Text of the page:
For logistics companies that transport liquid fuels – whether conventional or alternative – a crucial question is: how do people want to travel in the coming years? The importance of owning a car continues to clearly outweigh the use of public transport.
The level of car ownership in this country has increased accordingly over the past decades. While there were 532 cars per 1,000 inhabitants in 2000, according to the Federal Environment Agency, this number had risen to 580 by 2020 (1st January 2021 record date).
At the same time, it is foreseeable that the number of cars with internal combustion engines on German roads will not be declining in the near future. In 2021, the share of purely electric battery-powered new vehicles was a good 13 per cent. Conversely: slightly fewer than 87 per cent of newly registered vehicles had at least one internal combustion engine on board as well; around 57 per cent were pure petrol- or diesel-powered vehicles with internal combustion engines.
It is now a political strategy, however, not only to reduce emissions in road traffic, but to avoid individual transport. In a national pedestrian strategy published by the Federal Environment Agency back in 2018, the reduction in car density to a long-term value of 150 cars per 1,000 inhabitants is mentioned as a goal. That would only be around a quarter of the current car density.
How realistic is this and what do people in Germany want?
The 2022 DAT Report published by the German Automobile Trust (DAT) at the beginning of February 2022 provides detailed answers to these questions. For the comprehensive study, 4,500 final consumers were surveyed.
The car remains highly important
With an average of 79 per cent – which is even 4 percentage points more than in 2020 – the vast majority of individuals do not want to do without their cars in everyday life. In small towns with fewer than 20,000 inhabitants, this proportion is as high as 86 per cent, and in large cities it is still 69 per cent.
Electromobility between aspiration and reality
On the one hand, pure battery-powered cars or hybrid vehicles are perceived as omnipresent. According to the current DAT report, however, they still play a subordinate role in everyday life.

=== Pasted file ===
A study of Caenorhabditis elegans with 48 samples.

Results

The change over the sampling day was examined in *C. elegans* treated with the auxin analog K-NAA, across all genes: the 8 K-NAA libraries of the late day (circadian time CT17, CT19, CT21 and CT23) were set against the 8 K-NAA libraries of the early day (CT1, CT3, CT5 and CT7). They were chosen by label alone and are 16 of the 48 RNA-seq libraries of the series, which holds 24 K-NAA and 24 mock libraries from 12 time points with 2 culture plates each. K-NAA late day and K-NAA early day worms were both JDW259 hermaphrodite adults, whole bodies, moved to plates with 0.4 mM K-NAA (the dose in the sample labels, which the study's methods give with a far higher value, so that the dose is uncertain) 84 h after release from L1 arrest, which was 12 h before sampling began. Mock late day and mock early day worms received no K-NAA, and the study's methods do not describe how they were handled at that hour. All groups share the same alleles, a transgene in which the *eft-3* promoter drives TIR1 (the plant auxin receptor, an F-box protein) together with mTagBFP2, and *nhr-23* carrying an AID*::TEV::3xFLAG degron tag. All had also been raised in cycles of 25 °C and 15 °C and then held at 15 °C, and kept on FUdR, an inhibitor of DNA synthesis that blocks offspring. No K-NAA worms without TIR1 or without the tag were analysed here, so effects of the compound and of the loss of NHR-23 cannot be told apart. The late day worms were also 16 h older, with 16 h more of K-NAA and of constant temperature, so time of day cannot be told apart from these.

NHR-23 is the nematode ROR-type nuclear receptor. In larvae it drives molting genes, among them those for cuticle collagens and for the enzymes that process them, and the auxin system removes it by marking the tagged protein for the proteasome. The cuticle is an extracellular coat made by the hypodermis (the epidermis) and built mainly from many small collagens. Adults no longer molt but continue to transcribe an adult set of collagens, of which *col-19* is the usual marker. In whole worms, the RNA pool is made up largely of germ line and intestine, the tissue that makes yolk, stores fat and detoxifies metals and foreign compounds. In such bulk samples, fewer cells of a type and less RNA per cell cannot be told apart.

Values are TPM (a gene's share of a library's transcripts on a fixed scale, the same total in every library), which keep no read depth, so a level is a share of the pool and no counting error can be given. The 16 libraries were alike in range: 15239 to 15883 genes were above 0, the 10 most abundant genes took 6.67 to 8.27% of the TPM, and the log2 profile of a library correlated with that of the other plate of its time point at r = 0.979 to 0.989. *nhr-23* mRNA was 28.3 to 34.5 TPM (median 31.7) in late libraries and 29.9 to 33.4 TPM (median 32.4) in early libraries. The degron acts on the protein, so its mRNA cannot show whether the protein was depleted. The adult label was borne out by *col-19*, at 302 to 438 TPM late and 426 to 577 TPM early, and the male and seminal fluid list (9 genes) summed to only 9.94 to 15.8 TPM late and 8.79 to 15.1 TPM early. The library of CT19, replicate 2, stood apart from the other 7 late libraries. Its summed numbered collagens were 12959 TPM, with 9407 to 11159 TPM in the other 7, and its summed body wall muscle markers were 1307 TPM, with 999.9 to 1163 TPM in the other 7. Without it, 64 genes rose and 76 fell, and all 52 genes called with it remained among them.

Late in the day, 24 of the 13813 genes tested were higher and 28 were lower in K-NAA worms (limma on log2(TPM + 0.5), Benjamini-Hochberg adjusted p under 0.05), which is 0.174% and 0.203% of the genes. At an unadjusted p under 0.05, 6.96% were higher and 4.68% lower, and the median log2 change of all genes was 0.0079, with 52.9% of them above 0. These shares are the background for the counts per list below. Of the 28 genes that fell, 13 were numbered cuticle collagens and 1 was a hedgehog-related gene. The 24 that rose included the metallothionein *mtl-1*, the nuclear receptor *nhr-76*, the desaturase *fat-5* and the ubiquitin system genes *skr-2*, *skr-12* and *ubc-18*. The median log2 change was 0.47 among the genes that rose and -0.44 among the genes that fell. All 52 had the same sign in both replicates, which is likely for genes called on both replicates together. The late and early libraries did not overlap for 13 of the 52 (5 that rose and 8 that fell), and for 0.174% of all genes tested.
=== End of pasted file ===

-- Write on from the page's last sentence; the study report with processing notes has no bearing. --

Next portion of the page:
It is true that the interest of new car buyers in 2021 in purchasing a private car with alternative drive systems has increased significantly (59 per cent). Among car owners, however, only just under half (46 per cent) said they could imagine switching to a purely electric vehicle. The remainder, according to the DAT report, either cannot imagine it at all (31 per cent) or are still unsure (22 per cent). Moreover, most of those willing to make the switch (79 per cent) do not intend to purchase such a car with an alternative drive system for three years or more.
The reservations regarding battery electric vehicles (BEVs) are apparently still quite high. The majority of those surveyed (67 per cent) still want to wait for a further technological advance. Additionally, fever than half those surveyed (46 per cent) believed that BEVs were environmentally friendly to operate and only 12 per cent saw an environmental advantage in their production.
Synthetic fuels (e-fuels) produced based on hydrogen, CO2 and renewable electricity are now apparently enjoying increasing popularity. Among all new car buyers, 35 per cent have already investigated this alternative fuel, according to the 2022 DAT Report. Sixty per cent of this subgroup confirmed that e-fuels are “promising” and represent “a climate-friendly alternative to electromobility”.
Purchasing a new car is becoming increasingly complex
Delivery difficulties in the new vehicle area and a lack of supply of used cars led to significant declines in both segments in 2021. Thus, according to data from the German Federal Motor Transport Authority, there were 6.7 million ownership registrations and 2.62 million new registrations last year.
Prices rose at the same time and have never been higher, both for used and new cars.
It is therefore hardly surprising that the average age of the private car fleet in Germany is shifting increasingly towards 10 years. The vast majority of car drivers take appropriate care of their set of wheels. This also means of course: the fleet of vehicles equipped with internal combustion engines is not only increasing in size every year, but is also growing older.